Many experts suspect that the red-hot housing market of 2006-2007 that created so much ultimately unsustainable wealth for many may never return to pre-recession heights. As Americans continue to grapple with the fallout from the meltdown of many of the nation’s key institutions, perceptions of value have shifted considerably.

In regards to the housing industry, the things that add real and lasting value are increasingly perceived as upgrades which offer immediate cost of ownership savings. As the housing market recovers, concerns about energy efficiency, environmental impact, and adding lasting value will continue to weigh heavily in the minds of consumers and investors alike who were burned by the housing bubble crisis.

The housing market has made some tentative gains in the past year, reflecting the condition of the larger American economy as various industries and individuals work themselves out of the crushingly long depression. More importantly, Americans in general have shaped up, shed fat, gotten leaner, and generally put their financial houses in order.

As for our physical houses, our places of dwelling, we no longer lust for massive cookie cutter homes, and three or four-car garages. Instead, homeowners have pivoted towards green, energy-efficient homes built for quality with sustainable materials. Not only are eco-homes friendly towards inhabitants and the environment, they can become quite attractive economically.

Green Homes Puts Green In Your Wallet

When most homebuyers and homeowners consider investing in a “green” home or energy-efficient retrofits, the question is invariably about balancing present costs (in the form of sustainable investments) and costs over time (i.e. energy bills). Building with sustainability in mind substantially reduces those life-cycle costs, such as energy bills and maintenance associated with low-quality, turn-key products.

However, the trade off is that sustainable homes and renovations will generally demand a higher front-end premium, although studies indicate this premium is often no more than 2 percent more on average. Thus, for most individuals, the debate between going green or saving a little money in the short term becomes all about timing. In the long run, investing in sustainability will always yield savings, and studies show that investing in sustainability also adds immediate value in the form of home equity.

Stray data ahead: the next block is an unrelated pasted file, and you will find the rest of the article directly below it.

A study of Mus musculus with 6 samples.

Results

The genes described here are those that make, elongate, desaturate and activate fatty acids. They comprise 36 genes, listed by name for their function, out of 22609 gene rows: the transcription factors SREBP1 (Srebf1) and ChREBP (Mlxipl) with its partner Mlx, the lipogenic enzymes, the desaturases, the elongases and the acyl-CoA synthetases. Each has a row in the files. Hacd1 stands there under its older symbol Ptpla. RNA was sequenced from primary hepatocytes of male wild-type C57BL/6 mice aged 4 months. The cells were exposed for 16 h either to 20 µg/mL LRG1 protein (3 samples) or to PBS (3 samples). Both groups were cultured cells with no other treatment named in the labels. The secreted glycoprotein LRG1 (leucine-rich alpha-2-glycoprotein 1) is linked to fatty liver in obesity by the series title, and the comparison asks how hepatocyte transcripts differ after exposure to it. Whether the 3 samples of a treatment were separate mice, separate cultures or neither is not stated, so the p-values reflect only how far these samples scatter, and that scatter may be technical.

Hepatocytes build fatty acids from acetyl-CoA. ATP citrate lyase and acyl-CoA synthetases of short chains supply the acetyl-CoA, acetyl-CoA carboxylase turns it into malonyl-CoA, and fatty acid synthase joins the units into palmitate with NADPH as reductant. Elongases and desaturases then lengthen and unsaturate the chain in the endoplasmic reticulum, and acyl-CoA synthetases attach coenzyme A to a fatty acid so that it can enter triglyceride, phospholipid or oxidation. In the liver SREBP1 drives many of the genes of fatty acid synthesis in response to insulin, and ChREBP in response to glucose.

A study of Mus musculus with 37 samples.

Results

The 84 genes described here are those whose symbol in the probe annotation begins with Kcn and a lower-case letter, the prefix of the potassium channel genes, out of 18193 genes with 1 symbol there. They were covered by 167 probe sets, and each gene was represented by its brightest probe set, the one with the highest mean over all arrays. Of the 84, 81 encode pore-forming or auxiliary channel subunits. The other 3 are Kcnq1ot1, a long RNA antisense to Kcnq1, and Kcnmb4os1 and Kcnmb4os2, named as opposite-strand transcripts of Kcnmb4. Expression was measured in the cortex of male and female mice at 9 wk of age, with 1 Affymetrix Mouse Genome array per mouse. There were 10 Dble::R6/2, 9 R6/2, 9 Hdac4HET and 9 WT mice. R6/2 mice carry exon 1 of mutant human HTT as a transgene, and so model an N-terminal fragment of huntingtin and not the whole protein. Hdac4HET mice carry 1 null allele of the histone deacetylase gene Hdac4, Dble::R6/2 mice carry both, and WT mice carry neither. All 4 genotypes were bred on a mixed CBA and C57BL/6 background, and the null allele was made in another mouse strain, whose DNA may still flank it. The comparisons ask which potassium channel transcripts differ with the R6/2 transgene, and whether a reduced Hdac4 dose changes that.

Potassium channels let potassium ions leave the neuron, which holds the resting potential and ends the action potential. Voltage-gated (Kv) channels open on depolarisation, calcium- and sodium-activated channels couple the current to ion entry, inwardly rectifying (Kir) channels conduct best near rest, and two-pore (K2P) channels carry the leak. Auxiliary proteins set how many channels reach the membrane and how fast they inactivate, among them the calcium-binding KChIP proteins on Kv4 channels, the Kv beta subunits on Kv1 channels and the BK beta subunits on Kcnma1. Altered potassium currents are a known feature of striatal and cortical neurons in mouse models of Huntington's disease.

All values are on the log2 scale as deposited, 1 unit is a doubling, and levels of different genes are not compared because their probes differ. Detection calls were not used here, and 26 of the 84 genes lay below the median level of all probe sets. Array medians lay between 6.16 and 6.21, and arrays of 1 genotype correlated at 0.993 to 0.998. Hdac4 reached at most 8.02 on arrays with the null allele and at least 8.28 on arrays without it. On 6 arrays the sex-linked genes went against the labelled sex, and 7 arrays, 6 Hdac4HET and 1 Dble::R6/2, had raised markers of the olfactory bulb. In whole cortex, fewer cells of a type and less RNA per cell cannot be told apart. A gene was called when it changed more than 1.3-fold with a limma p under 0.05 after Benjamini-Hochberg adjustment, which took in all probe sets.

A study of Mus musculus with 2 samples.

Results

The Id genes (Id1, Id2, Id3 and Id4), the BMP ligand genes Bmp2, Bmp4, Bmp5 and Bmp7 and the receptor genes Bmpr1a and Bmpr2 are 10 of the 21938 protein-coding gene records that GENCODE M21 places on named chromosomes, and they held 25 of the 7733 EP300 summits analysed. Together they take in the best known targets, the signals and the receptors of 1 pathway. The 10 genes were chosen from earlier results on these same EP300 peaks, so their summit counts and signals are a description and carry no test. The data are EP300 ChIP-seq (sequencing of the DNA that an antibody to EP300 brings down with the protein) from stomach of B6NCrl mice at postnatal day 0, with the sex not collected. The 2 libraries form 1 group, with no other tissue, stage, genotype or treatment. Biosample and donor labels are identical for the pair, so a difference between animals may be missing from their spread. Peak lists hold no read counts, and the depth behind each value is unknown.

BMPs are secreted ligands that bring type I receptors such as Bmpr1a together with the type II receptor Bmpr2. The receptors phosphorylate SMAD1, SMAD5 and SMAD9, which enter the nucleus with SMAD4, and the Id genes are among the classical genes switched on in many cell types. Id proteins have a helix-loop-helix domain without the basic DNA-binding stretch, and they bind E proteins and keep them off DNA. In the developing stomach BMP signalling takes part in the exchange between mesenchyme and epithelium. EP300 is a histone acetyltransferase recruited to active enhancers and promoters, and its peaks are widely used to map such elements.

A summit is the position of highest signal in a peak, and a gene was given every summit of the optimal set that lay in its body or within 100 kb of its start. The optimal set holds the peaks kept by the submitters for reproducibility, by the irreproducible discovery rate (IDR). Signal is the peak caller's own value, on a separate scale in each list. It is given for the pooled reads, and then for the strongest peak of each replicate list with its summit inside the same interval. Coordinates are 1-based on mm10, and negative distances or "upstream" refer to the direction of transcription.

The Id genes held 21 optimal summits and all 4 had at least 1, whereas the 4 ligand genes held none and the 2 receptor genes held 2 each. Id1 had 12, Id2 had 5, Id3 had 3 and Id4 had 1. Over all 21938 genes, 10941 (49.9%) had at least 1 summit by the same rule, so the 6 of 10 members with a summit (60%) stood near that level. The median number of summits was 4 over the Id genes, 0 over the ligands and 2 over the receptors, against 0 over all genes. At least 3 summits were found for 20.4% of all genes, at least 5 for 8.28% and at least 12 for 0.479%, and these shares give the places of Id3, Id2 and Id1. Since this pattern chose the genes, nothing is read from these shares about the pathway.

What Is Home Equity?

Home equity is a home’s real property value, or the difference between a home’s fair market value and the outstanding balance of all liens on the property. What’s important here is that homeowners can benefit from a gain in home equity thanks to increase in property value. Most people are familiar with the idea of property value. Proximity to services and zoning to a good school district all increase property value thus increasing a homeowner’s equity. Adding renewable systems or investing in green retrofits has precisely the same effect – boosting home sales prices and creating wealth for homeowners.

Green Home Premiums

A study out of Berkeley shows that the average price premium bump for homes that have sustainable features, such as photovoltaics, makes up for the initial investment. In essence, investing in renewables and green features adds instant equity. Reports across the nation corroborate the Berkeley study showing price premiums as high as 30 percent (or 61 percent in some isolated cases).

Even in the midst of the Great Recession, energy-efficient homes significantly outperformed the rest of the market selling at 8.5 percent more per square foot at a time when traditional homes saw tumbling sale prices. Homes that met strict third-party certifications, such as LEED (Leadership in Energy and Environmental Design) or Energy Star, fared even better, commanding prices 25 percent higher.

Prius Effect

This Prius Effect taking hold of the eco-home market, the correlation between environmental ideology and increased sales of greener goods, can be both good and bad. It can evoke a perception of faddishness or the idea that premiums are driven by perceptions of social status rather than actual value. However, the economics cannot be denied. As Texas energy rates continue to increase and water becomes more scarce, this value becomes increasingly evident. The truth, backed by a considerable body of research, is that green homes sell for more. Today, more and more Americans are demanding greener, energy-conscious homes as a means to live more comfortably, and more economically, without taking an undue toll on the natural world.